PTravel Jun 28, 11 1:41 pm


Originally Posted by nmenaker (Post 16638766)
That is all well and good, I just wanted to point out that the pogoplug data is NOT "ONLY" available with a driver install or client, as you commented above.

Understood. What I didn't like about Pogoplug was that, even on my local LAN, the only way I could map to it was by using the driver. In my opinion, a NAS should operate like a file server, i.e. you can access its drives by mapping to an IP address and a drive letter. A NAS that only permits access via a browser interface or with a driver is of little use to me on my LAN, particularly when I access it remotely via VPN. Tonido offers the same kind of access, but its free and, through standardized Open Source software permits mapping (and automatic connect at boot-up of the remote machine) if, in fact, that's what you want to do.

My NAS is thin client with 3 TB of Raid 5. Because it's actually a "mini" file server, I can easily map drives, both on the LAN and via WAN using VPN. Additionally, it runs an FTP server, so I can get to my files that way as well. Finally, it's running the Tonido server software, which simplifies my writing partner's access to our project and gives me an "access technique of last resort," either through Net Drive (for mapped access) or a browser interface if I'm a third-party machine at which I can't create a VPN connection or that doesn't have an FTP client (though those are available in limited form in most browsers). I even have an UltraVNC server running on the thin client that permits file transfer via VNC.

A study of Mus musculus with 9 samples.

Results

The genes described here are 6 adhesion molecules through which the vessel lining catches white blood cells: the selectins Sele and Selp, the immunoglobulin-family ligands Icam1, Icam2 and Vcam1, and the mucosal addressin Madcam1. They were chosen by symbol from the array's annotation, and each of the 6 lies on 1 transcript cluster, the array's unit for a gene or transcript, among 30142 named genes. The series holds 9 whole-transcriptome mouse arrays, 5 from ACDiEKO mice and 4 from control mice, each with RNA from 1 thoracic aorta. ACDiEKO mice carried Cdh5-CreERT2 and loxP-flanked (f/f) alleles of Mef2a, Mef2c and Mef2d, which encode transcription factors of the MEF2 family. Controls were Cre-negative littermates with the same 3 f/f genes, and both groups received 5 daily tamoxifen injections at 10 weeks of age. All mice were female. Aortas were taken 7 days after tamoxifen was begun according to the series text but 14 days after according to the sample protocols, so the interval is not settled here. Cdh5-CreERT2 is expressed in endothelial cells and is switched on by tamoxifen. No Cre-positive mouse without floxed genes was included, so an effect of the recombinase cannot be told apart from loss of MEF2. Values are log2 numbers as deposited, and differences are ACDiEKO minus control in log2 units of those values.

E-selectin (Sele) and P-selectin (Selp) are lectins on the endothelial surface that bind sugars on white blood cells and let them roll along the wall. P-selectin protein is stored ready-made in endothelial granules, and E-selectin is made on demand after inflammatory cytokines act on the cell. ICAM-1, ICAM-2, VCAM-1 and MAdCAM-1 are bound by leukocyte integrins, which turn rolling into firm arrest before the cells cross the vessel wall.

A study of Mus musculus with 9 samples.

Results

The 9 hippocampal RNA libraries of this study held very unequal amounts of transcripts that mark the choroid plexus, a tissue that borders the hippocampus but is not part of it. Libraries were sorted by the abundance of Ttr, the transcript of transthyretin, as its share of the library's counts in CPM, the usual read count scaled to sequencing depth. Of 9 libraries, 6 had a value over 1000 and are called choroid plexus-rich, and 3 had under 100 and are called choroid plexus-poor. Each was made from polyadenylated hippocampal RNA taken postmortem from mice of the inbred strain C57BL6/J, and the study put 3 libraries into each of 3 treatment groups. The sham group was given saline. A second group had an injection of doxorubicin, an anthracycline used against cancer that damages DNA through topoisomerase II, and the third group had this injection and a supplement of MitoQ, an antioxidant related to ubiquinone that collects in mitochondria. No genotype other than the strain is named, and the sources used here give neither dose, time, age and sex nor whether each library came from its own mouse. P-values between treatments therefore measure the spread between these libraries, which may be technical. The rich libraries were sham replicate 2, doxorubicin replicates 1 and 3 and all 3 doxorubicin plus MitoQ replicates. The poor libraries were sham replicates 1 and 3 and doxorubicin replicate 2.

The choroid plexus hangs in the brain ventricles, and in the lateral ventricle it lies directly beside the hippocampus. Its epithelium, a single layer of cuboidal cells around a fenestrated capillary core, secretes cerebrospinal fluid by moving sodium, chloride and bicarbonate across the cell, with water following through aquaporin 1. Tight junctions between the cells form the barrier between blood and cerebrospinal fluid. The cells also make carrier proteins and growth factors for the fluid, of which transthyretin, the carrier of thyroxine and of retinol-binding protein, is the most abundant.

In short, there are a lot of ways to set up a NAS to maximize accessibility, both locally and remotely. I wouldn't rely on something like Pogoplug as a primary means unless remote access wasn't all that important and I really didn't need what was, for all intents and purposes, an effective file server on my local LAN.

cblaisd Jun 28, 11 4:14 pm


Originally Posted by ScottC (Post 16639634)
I recommend Pogoplug because it just works. I've yet to send someone to it and hear that it was hard to install.

My experience exactly. I will continue to go with your expertise. ^

willyroo Jun 28, 11 5:45 pm


Originally Posted by ScottC (Post 16639634)
I recommend Pogoplug because it just works. I've yet to send someone to it and hear that it was hard to install.

Too often "it just works out of the box" is forgotten.

I have a Netgear ReadyNAS Duo, and access it remotely both for file access and for FTP remote backup for a small server.

Yes you can do all these things.

However - it's a steep learning curve and only FT tragics would persist with it!